Kallis says the geothermal industry needed a price on carbon and strong capital funding similar to that received by other clean energy industries such as carbon capture and storage and solar. It also needs infrastructure built to bring low cost geothermal energy into the national electricity market.
“AGEA has always acknowledged that all clean energy technologies have a role to play in the future energy mix. However, at the moment clean coal has a A$2.5 billion programme and solar energy a A$1.6bn programme yet clean coal is even less advanced technically than geothermal energy around the world and solar energy will stay 2 to 3 times more expensive over the current forecast timeframes – out to 2030. Alongside this, geothermal grants have amounted to A$200 million and these have now been fully allocated,” Kallis has told the Australian Geothermal Energy Conference in Adelaide.
“Geothermal energy is the only base-load form of new renewable energy and on the Commonwealth’s own predictions is likely to be the lowest cost generation technology by 2030. And, for every dollar spent on transmission, the geothermal sector has the potential to put three times more power into the system than the wind industry – and at a lower price.”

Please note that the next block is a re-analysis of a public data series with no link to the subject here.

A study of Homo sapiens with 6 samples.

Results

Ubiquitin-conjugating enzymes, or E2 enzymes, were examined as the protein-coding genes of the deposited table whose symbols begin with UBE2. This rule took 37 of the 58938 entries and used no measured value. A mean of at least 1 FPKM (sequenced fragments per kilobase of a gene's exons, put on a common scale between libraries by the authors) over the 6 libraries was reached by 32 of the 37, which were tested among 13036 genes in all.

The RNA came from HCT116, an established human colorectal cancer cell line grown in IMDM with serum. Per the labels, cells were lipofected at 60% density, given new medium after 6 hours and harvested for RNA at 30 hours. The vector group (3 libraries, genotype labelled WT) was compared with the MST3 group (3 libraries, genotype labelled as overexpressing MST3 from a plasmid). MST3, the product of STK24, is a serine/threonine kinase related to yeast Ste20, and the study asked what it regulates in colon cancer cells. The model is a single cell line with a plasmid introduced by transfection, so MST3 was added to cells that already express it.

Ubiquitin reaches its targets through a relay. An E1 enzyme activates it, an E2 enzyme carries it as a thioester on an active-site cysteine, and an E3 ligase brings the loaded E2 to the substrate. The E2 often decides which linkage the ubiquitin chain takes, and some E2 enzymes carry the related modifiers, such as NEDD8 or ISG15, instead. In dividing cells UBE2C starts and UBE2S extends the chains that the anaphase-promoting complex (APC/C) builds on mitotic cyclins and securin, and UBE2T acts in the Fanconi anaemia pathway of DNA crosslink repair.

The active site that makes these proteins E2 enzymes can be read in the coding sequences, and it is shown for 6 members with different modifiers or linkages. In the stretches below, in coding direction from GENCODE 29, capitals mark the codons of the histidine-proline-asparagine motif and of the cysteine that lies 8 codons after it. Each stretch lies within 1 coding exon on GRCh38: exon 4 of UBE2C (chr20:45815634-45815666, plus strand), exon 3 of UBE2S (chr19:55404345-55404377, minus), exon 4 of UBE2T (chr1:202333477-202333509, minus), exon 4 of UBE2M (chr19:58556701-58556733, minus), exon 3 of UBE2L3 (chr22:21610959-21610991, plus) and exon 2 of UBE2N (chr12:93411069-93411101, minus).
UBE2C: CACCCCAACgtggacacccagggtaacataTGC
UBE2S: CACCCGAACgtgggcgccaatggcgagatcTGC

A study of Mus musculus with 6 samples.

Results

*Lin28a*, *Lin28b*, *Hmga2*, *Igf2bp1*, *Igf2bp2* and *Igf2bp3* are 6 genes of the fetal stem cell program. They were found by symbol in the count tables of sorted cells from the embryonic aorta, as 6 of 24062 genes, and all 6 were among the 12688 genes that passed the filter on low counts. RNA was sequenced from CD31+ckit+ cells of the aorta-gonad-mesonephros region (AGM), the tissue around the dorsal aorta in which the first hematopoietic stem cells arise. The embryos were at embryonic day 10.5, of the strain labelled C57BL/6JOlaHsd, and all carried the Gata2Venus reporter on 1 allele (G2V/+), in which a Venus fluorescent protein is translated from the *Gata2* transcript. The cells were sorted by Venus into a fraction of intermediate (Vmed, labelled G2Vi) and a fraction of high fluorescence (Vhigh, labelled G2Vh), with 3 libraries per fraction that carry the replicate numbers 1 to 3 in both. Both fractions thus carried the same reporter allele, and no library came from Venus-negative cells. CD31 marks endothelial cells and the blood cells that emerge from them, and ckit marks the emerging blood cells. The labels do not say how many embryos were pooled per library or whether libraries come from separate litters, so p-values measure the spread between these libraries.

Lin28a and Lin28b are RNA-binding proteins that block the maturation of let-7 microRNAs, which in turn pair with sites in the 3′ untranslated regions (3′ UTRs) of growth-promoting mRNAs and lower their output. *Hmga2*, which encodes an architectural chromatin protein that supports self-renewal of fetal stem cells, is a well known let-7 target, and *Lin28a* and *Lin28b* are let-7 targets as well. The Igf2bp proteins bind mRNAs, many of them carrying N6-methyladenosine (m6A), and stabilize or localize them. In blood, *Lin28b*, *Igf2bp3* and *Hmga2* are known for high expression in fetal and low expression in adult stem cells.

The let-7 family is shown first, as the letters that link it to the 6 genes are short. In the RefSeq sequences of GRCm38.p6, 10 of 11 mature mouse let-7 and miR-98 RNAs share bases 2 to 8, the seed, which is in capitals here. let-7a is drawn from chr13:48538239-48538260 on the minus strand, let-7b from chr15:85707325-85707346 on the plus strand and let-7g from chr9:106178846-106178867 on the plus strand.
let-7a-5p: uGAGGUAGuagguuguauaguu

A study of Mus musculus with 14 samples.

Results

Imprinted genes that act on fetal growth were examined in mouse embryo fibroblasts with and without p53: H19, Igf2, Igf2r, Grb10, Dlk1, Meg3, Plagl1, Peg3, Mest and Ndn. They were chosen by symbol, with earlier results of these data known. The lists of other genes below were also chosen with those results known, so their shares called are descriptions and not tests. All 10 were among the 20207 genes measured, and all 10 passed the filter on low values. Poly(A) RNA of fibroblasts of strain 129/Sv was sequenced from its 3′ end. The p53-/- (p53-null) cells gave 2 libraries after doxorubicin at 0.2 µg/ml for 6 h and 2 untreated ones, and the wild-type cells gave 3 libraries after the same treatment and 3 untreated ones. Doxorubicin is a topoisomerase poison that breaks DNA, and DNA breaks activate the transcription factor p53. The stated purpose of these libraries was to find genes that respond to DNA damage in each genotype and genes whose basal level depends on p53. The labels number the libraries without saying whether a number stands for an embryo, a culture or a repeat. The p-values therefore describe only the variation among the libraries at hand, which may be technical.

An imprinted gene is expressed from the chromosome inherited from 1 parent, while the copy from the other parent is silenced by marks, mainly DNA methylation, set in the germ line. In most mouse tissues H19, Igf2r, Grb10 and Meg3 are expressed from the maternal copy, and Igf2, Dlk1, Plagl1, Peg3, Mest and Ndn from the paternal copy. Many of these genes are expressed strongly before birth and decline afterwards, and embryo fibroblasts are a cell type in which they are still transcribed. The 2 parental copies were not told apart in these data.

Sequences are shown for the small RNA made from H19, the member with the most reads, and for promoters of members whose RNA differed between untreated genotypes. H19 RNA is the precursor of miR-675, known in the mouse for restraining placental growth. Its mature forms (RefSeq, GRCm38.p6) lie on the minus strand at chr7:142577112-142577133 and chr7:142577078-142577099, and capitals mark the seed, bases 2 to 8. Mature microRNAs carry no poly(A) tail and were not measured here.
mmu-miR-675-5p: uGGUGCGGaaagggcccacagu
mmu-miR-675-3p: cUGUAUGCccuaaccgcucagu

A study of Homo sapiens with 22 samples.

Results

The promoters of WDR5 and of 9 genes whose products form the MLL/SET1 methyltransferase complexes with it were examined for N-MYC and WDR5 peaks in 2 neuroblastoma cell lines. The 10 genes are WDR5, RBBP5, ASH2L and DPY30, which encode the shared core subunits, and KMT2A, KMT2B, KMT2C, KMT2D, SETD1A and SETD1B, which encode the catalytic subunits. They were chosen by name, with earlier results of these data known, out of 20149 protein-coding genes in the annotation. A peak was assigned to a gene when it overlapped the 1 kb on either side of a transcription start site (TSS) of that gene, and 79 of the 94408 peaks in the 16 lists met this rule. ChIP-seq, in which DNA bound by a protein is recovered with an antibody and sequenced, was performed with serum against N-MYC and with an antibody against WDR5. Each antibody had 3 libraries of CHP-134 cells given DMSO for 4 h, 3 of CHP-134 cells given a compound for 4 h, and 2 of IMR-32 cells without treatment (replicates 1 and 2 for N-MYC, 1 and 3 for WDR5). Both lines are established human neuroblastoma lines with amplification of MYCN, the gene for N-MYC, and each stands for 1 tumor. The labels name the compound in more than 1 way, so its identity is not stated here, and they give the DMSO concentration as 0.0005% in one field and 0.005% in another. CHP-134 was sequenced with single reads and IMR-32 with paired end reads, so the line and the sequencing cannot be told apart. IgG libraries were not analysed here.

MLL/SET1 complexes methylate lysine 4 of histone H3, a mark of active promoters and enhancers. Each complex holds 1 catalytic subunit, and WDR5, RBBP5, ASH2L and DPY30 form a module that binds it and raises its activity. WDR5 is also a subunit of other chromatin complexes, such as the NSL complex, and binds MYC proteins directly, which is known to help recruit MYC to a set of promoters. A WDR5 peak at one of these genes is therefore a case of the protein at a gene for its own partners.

He says the industry was appreciative of State and Federal governments for their support in drilling grants and the Renewable Energy Demonstration Programme grants but that funding programmes need to reflect the potential of the technologies.
Failure to further support the geothermal energy will result in electricity users paying more for their power than they need to in the future.
“The geothermal industry also joins the call for a price on carbon and we believe the Federal Government got it right the first time with the Carbon Pollution Reduction Scheme (CPRS) green paper in 2008,” he says.
The geothermal association supports:
- A price on carbon with a market based emissions trading scheme to maximise efficiency and encourage innovation;
- A Target of 25% by 2020 in order to have a material impact and to support a long-term target of 60% by 2050;
- Management of impacts, households, trade exposed emissions and intensive businesses;
- A Climate Change Action Fund – investment in low emission, energy efficiency, best practice; and
- The Renewable Energy Target scheme to work with CPRS to 2030.
“South Australia has been a pioneer of geothermal development and it is encouraging to now see the industry develop across the other states of Australia. The geothermal industry is ideally placed to supply most of the nation’s renewable energy needs but we need a strong government policy framework to succeed,” Kallis concludes.